I would like to draw a fairly unlikely parallel between the two worlds of mountain biking and baking. Not common bedfellows I’ll admit, but, perhaps surprisingly, it’s the best example I’ve yet found of the tricky balance that I believe we are all trying to make when we go riding in the hills.
Back in the 1940s a number of companies introduced instant cake mixtures that only required some water to be stirred into them to create a batter that simply needed to be poured into a tin and popped into the oven. Initially this idea proved pretty popular, but as sales started to flag in the late 1950s, one food company carried out some research into the reasons behind these falling sales and investigated how they might reverse the trend.
The research was led by a chap called Ernest Dichter on behalf of General Mills. He concluded that the simplicity of the cake mix, just adding water, meant that the person making the cake felt like they hadn’t contributed enough to the task. There wasn’t enough work involved to reap the emotional rewards of baking your own cake. His solution was to remove the dried egg powder from the mixture, requiring the baker to add their own, fresh eggs. This relatively simple act was enough to provide the necessary sense of involvement that people wanted in order to feel like it was ‘their’ cake.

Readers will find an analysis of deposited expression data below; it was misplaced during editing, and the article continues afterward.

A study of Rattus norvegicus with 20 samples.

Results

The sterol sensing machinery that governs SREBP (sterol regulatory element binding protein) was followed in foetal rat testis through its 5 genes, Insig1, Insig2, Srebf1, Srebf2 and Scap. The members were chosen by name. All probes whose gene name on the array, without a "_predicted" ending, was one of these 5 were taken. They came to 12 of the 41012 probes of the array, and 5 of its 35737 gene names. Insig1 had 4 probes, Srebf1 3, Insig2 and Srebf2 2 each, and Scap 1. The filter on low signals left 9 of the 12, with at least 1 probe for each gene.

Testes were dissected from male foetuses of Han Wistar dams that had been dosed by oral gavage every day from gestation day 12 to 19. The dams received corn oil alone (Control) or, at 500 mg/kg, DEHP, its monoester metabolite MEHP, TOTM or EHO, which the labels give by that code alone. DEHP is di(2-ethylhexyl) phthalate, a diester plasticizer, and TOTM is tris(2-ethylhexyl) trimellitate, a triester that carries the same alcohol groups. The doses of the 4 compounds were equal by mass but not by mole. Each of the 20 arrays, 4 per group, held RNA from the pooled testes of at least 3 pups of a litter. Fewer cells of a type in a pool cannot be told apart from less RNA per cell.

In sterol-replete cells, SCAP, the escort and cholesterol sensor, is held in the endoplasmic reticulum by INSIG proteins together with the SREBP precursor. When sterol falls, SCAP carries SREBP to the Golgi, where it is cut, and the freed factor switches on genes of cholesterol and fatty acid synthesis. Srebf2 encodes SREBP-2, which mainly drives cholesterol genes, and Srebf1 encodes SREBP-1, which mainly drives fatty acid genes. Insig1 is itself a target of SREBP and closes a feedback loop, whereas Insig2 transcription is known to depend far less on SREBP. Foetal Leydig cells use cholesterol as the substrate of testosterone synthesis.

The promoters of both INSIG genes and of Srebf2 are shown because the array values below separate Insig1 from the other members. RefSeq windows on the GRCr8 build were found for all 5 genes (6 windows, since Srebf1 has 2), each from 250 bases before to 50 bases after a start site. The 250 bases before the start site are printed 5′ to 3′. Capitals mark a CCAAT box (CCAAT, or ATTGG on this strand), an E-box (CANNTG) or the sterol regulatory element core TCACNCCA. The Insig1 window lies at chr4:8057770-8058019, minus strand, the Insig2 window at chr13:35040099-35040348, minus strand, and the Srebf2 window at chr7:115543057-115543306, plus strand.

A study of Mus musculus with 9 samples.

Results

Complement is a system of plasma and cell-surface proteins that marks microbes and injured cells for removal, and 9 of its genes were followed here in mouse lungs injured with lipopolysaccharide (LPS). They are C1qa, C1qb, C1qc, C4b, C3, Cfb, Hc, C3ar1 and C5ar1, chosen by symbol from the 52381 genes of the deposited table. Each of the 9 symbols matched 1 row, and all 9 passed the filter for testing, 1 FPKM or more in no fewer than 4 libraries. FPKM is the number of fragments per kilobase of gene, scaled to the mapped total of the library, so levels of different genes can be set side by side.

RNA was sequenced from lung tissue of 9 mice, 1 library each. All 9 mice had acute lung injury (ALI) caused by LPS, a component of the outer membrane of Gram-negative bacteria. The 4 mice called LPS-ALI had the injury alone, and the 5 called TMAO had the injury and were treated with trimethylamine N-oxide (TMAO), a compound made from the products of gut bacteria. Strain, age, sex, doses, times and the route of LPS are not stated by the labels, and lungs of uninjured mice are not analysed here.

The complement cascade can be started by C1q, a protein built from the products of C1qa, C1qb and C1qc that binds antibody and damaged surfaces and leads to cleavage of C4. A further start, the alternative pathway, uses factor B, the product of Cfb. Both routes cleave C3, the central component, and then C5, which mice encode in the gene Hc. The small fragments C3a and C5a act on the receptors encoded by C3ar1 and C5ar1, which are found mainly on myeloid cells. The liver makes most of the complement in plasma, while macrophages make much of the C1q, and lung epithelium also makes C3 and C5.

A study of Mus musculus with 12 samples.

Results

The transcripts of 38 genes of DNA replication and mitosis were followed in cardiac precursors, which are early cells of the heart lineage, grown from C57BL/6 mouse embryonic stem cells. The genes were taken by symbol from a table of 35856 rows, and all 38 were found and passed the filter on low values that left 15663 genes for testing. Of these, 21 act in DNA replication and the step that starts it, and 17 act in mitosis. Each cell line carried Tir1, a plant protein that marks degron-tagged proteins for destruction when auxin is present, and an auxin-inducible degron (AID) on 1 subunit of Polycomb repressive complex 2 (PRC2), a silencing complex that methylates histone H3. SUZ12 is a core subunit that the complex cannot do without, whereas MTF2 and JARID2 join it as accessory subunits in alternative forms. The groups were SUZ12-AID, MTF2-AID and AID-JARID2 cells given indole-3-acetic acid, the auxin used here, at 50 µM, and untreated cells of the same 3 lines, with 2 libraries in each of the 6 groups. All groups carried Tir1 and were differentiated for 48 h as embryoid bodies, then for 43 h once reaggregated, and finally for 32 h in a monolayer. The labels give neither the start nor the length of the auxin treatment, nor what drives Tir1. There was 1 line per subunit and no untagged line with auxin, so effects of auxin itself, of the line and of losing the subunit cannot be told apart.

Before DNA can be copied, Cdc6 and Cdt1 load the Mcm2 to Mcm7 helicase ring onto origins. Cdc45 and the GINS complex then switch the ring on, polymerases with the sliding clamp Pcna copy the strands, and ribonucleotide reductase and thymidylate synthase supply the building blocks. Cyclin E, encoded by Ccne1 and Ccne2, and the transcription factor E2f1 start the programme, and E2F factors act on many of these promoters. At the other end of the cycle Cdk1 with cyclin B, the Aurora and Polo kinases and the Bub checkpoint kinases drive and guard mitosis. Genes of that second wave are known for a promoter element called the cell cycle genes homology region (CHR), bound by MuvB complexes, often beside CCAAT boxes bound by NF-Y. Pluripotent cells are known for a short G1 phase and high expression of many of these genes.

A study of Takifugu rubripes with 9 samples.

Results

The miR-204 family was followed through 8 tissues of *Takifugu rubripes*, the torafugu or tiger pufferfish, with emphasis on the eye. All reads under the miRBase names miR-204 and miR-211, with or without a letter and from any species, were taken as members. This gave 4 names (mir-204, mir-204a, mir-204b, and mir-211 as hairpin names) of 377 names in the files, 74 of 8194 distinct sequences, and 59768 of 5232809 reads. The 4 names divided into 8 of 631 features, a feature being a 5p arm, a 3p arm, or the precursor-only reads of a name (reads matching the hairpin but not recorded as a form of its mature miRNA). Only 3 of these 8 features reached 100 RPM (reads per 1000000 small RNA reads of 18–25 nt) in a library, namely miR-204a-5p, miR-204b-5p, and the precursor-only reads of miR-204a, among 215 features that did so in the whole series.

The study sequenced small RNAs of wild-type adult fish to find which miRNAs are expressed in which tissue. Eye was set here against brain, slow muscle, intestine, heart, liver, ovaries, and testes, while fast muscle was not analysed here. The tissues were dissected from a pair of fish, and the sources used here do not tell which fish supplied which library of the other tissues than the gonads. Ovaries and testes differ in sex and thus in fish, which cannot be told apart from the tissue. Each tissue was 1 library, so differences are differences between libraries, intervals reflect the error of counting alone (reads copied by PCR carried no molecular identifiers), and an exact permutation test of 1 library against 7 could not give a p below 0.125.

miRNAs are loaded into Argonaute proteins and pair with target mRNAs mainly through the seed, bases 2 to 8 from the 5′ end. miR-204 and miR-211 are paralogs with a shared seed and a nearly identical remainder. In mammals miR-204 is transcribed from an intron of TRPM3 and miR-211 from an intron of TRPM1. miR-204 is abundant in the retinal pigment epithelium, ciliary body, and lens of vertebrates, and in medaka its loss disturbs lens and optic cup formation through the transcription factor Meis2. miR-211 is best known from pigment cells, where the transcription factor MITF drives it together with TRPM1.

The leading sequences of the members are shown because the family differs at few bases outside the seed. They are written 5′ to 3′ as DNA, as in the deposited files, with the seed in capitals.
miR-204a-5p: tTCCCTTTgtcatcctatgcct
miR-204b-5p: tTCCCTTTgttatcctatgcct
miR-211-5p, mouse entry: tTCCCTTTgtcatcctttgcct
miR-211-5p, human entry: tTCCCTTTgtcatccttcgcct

Now, compare this to riding your bike along a moderately challenging ribbon of singletrack. Tackle this on the latest, greatest enduro bike and the experience may feel rather tame, bordering on dull. However, ride the same piece of singletrack on an early 90s fully rigid cross-country bike (not forgetting your cantilever brakes and 120mm stem) and your ride may become a terrifying, white knuckled fight for survival. Just like baking a cake, we want to feel like an essential part of the process, but not necessarily to the point where it requires every ounce of our commitment to just get through it. For most of us I would suggest that we want riding a mountain bike to be neither a do-or-die fight for survival nor a walk in the park.
In theory at least, there is a perfect bike to match every combination of trail and rider, providing just enough of a challenge to immerse you in the experience, whilst still leaving enough physical and mental capacity to enjoy it, playing around with line choice and braking points. My trip to a Welsh trail centre earlier in the year was a good example of where bike and rider had been pushed outside of this optimal operating window. Suddenly, a combination that ordinarily sits slap-bang in the middle of the sweet-spot for my regular loops of the Surrey Hills was pushed beyond what was entertaining and into what was just hard work. It was a useful lesson.
So, next time you’re thinking about buying that new bike or investing in a few, choice upgrades, perhaps stop to consider whether you’re over-egging it.